Friday, October 3, 2008
Can a Green Home Be Unhealthy?
In some cases, yes, according to building biologist, Athena Thompson. While researching and writing her book, Homes That Heal (and those that don't): How Your Home Could be Harm... she many people, “What exactly is green building?” Answers varied.
Builders, architects, developers, suppliers and manufacturers and other home-related professionals tended to have more elaborate answers including descriptions of sustainability and life-cycle analysis, more efficient use of energy and water, less toxic building materials, recycled content of products and so on. Many cited the U.S. Green Building Council’s (USGBC) LEED (Leadership in Energy and Environmental Design) certification system.
However, when talking with homeowners and the general public, their descriptions were much simpler. They revolved around being healthier places to live and work in, more energy efficient, and better for the planet. When asked what they valued and wanted most from their home, across the board the answer was always “health” first.
So how healthy are green homes? Again the answer varies a lot. According to Thompson, “Many people still do not realize that all that is ‘green’ or ‘sustainable’ is not necessarily healthy. For instance, using products that have been manufactured from recycled materials might win you some green points, but are people looking at the low-level off-gassing of some of the ‘sustainable’ solutions and how this impacts the indoor environment and peoples’ health?”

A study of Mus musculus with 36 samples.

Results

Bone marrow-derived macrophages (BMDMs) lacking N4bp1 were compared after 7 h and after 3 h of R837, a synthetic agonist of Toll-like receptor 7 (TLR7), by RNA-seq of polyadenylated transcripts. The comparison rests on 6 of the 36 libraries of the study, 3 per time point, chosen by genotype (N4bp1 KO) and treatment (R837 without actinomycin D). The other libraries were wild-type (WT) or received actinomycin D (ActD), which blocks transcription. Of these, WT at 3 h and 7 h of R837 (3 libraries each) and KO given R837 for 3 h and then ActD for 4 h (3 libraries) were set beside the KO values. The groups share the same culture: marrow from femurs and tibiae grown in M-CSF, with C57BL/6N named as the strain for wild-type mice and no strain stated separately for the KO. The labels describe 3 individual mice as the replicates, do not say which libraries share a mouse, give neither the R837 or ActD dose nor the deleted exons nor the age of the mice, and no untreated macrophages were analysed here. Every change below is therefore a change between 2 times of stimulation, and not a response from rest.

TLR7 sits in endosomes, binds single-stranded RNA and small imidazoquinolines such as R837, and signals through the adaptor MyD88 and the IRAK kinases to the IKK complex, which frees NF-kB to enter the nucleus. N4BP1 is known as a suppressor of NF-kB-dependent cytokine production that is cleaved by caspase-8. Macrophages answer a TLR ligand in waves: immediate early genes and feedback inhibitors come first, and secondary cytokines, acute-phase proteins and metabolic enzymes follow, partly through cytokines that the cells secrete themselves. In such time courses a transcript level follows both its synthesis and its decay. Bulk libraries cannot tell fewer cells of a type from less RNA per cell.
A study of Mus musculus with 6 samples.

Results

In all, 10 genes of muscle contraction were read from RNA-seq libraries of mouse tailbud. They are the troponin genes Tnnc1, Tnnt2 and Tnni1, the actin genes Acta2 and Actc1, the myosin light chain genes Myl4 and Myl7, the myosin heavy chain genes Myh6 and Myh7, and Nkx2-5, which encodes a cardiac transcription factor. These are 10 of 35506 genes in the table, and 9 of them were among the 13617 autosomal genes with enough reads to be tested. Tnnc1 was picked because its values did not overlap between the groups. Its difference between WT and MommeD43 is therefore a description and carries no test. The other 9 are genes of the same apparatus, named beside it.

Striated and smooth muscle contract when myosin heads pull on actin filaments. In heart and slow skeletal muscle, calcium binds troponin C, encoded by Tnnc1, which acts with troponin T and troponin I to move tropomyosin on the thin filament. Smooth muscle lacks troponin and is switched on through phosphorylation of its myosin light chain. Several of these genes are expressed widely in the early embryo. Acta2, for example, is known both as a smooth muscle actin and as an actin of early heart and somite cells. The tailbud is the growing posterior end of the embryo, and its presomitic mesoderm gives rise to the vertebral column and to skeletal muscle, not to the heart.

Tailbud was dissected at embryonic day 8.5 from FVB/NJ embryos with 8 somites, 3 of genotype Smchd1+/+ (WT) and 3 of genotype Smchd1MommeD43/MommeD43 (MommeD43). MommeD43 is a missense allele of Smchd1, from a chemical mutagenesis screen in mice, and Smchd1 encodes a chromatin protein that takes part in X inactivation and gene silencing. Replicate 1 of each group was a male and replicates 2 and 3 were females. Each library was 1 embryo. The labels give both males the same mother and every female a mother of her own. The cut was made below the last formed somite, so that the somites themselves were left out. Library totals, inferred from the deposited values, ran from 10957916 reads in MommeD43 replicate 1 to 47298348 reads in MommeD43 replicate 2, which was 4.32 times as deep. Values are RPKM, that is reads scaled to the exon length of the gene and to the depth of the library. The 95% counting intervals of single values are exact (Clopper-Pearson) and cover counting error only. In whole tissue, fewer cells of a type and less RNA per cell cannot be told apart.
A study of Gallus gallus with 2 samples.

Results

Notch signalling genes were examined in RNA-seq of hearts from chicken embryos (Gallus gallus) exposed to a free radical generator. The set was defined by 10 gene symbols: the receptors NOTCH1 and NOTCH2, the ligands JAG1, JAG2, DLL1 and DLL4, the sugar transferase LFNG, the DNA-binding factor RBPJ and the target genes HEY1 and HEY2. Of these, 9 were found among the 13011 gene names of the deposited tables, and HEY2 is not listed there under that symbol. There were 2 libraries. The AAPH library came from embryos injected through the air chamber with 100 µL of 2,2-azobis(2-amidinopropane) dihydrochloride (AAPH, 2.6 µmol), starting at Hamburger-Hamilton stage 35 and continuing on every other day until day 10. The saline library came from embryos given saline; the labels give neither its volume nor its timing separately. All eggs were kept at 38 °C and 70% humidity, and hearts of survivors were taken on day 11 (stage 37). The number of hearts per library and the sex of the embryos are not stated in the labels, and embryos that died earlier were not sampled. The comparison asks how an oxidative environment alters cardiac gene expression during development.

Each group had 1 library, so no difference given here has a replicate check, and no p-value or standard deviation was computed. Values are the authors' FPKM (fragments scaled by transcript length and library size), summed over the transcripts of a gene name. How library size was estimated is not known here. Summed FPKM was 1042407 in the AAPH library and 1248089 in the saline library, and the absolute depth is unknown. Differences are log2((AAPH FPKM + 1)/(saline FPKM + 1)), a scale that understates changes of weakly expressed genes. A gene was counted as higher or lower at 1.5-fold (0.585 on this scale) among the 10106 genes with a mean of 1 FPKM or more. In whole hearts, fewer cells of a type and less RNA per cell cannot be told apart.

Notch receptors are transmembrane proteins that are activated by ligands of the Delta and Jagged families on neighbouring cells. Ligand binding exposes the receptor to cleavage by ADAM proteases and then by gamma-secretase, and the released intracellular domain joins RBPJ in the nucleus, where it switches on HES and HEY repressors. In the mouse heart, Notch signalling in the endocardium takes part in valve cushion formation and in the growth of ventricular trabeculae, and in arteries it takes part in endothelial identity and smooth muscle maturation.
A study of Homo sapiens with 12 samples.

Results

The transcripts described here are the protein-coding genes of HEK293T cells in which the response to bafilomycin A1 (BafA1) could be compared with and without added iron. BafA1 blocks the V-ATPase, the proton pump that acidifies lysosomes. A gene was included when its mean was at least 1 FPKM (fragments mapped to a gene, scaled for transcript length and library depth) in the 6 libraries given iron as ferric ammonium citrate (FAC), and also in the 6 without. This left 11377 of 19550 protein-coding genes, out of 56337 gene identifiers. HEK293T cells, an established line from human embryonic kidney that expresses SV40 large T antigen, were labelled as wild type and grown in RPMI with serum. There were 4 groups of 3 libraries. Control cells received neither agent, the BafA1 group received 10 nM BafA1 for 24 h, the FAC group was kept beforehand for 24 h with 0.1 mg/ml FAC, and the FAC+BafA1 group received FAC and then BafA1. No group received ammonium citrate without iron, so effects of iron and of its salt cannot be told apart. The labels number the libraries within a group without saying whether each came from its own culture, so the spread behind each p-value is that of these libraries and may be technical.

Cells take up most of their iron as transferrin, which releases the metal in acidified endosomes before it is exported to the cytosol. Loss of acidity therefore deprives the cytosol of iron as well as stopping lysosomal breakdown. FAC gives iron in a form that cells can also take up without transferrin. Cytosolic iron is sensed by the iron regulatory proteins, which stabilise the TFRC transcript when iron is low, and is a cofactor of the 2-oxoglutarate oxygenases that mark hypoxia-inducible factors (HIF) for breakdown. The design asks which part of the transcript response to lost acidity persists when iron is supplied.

For example, autism, asthma and other respiratory problems, behavior and learning problems, and cancer are all on the rise. Also the focus on energy–efficiency means “green” homes are built “tight” or sealed. Thus some ”sustainable designs” are prone to holding harmful fumes inside, as Jason F. McLennan notes in Philosophy of Sustainable Design.
When this was first discovered in buildings it was sometimes called the "sick building syndrome." Even back in 2000, Michael V. Ellacott and Sue Reed noted in their research paper that, “The increasing incidence of health problems associated with ‘tight buildings' can be partly blamed on the emission of volatile organic compounds (VOCs) derived from human activity and the presence of a range of synthetic furnishings, office equipment and building materials.’ For the rapidly increasing number of us who work at home, these health problems literally hit home.
As a first step, read Thompson’s book. Get more tips here and here. Consider getting the air in your home checked by someone certified by the American Indoor Air Quality Council. Then get a high-efficiency electronic air cleaner (EAC) that can connect directly to any size home’s HVAC system, one that makes your indoor air cleaner than fresh, is energy efficient, quiet and does not emit harmful ozone, as many conventional systems do.